I find it interesting, as you suggest, to separate the primitive from the operators. However, I don't see Rxjs size, at least in its latest versions, as being a problem. As operators can be imported separately, there is minimal impact bundle-wise. The impact seems to be more of a cognitive nature, with some folks maybe assuming that because there are 100 operators, it must be complicated, probably twice as complicated as if there were 50? This is like saying that npm is unusable because there are million of packages there.

I think at core there is both a teaching and learning problem. Beating up yourself, and reducing the number of operators to make the library artificially more palatable will not automatically solve those problems.

Teaching problem:

  • While you were busy developing, testing and using the library, folks have filled a void that existed with all sorts of explanations about what/why/where to use Rxjs. Those explanations have extremely varying quality, and are sometimes downright incorrect, At some point people produce observables tutorial that are like monad tutorials, i.e. most of the time confusing. By not having your own take at those questions, you did loose the control of the Rxjs narrative.
  • I was perplex when I saw that there were going to be a Rxjs conference. I am glad it was a success, but I did not understand why you need a conference around what is barely more a specific implementation of a pattern. Like, you would not do a tech conference just about lodash, or would you? The signal I received was that Rxjs was so big in the world that it became its own thing.
  • lodash, ramda and others have more methods than Rxjs ever will. Nobody is dissing lodash as being unncessarily complex. That is because they understand each function. If they give some input, they can mentalize what will the output be. This is harder for Rxjs operators because the functional relationship is between stateful objects (explained in the next paragraph).
  • The available documentation is plentiful (that is good) but for a long time (I don't know if that has been solved now, haven't looked at it in a year) it was incomplete. I explain:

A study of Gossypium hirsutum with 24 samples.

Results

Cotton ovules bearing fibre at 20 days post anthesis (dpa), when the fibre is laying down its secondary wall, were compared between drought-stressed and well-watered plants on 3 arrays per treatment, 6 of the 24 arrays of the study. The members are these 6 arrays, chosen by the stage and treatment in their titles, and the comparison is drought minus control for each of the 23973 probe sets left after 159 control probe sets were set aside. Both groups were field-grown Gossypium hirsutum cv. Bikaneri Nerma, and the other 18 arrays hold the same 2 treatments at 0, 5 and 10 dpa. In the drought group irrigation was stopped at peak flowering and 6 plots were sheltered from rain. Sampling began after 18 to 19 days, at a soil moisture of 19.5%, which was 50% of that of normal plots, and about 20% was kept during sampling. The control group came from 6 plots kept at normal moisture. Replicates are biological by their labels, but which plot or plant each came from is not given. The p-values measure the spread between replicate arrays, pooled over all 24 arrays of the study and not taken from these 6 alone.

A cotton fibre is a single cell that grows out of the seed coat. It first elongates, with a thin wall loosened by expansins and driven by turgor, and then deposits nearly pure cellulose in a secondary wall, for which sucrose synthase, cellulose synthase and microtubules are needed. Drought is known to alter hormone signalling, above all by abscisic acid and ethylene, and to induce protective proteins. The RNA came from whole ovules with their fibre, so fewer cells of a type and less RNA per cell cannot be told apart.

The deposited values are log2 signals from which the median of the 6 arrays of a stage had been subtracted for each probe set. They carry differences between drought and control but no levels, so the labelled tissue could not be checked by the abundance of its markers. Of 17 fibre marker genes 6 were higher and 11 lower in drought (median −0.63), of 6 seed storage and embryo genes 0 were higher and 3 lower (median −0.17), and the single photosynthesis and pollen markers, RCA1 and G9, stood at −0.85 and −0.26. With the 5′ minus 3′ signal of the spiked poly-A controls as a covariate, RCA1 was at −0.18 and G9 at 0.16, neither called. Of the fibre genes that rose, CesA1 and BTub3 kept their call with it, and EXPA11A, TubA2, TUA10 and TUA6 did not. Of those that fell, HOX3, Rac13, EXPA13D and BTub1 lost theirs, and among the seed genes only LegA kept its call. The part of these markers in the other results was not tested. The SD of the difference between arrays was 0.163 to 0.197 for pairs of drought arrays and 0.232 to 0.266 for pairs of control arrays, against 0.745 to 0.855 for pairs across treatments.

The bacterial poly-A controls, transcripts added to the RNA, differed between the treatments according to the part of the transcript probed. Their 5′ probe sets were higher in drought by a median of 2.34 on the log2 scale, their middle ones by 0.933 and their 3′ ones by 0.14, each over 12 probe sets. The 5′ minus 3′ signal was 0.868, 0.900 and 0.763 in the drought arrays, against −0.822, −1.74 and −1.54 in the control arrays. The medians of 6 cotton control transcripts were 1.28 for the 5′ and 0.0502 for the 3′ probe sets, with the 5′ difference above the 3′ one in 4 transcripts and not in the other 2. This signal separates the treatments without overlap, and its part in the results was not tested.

• most operators are well described in the 95% of their operation (which is taking some data, computing something and producing some other data).
    • what I found (back in the days) is not often or well described is the 5% left: i.e. errors and completion. That is fine when you deal with one observable, but quickly gets tricky when you deal with several. If f is your operator, and i_n the input observables for f, with o the output: o = f(i_1, ..., i_n). Because any i_n can be in three possible states, to describe (document) f accurately you have to explain what f does in 3*n cases (worse case). I remember blocking on withLatestFrom of old because one parameter observable had not emitted yet
    • it is actually worse if the f computation depends on timing or ordering of each source input... This is real complexity cropping in, and that is best done by drawings that by natural language (marble diagram are great but should describe more edge cases).
  • subjects are seriously under explained, and yet fairly important. So same problem with confusing, contradictory, poorly argumented advices from the community.
  • schedulers and concurrency should get more love too. Arguably you may remove schedulers from Rxjs and keep 90% of the use cases, but concurrency is not going to disappear from our applications. The problem that schedulers solve if taken out of Rxjs will have to be solved in some other ways.

Learning problem:

  • what I observed is that programmers have trouble understanding the operators when they do not understand the observable type in the first place. Writing an operator from scratch with learners from the primitive may help dispel the magic.
  • developers are pragmatic beasts and not everybody wants to be lectured about concepts. Some folks rather open a playground and play with stuff. Streams in that sense are hard to play with. You can't inspect them easily, debugging is unclear, and time consuming. My worse experience with debugging is not when an observable does not emit the expected, it is when it does not emit at all... So good tracing and debugging are mandatory here. They help debug but they help learn, and acquire.

Last thing, the readability issues that you mention comes from the fact that behaviors and events are not well introduced, yet they are a key part of understanding how to use Rxjs. That is more important and very linked to the hot/cold dichotomy (another confusing metaphor IMO). If you had separate types. you could document some operators as accepting only behaviors, like withLatestFrom (is is sample/audit now?), and save some programmers the debugging.

Alright there are so many more things (structure readable code and so on), but this is getting too long. In any case, while I appreciate the humility and capacity of self-reflection that you show , I would not want you to make the wrong diagnostic here. Observables are an abstraction. Some programmers will always balk at abstraction that they cannot get in 5mn. For the rest of them, I mostly see documentation as an issue. Rxjs design is quite good. But if you could make a better tracing and debugging story, you may not even need to do too much documentation-wise. You could just let people play with it and build their own intuition.

In summary, keep up the good work and don't get demoralized by the critics.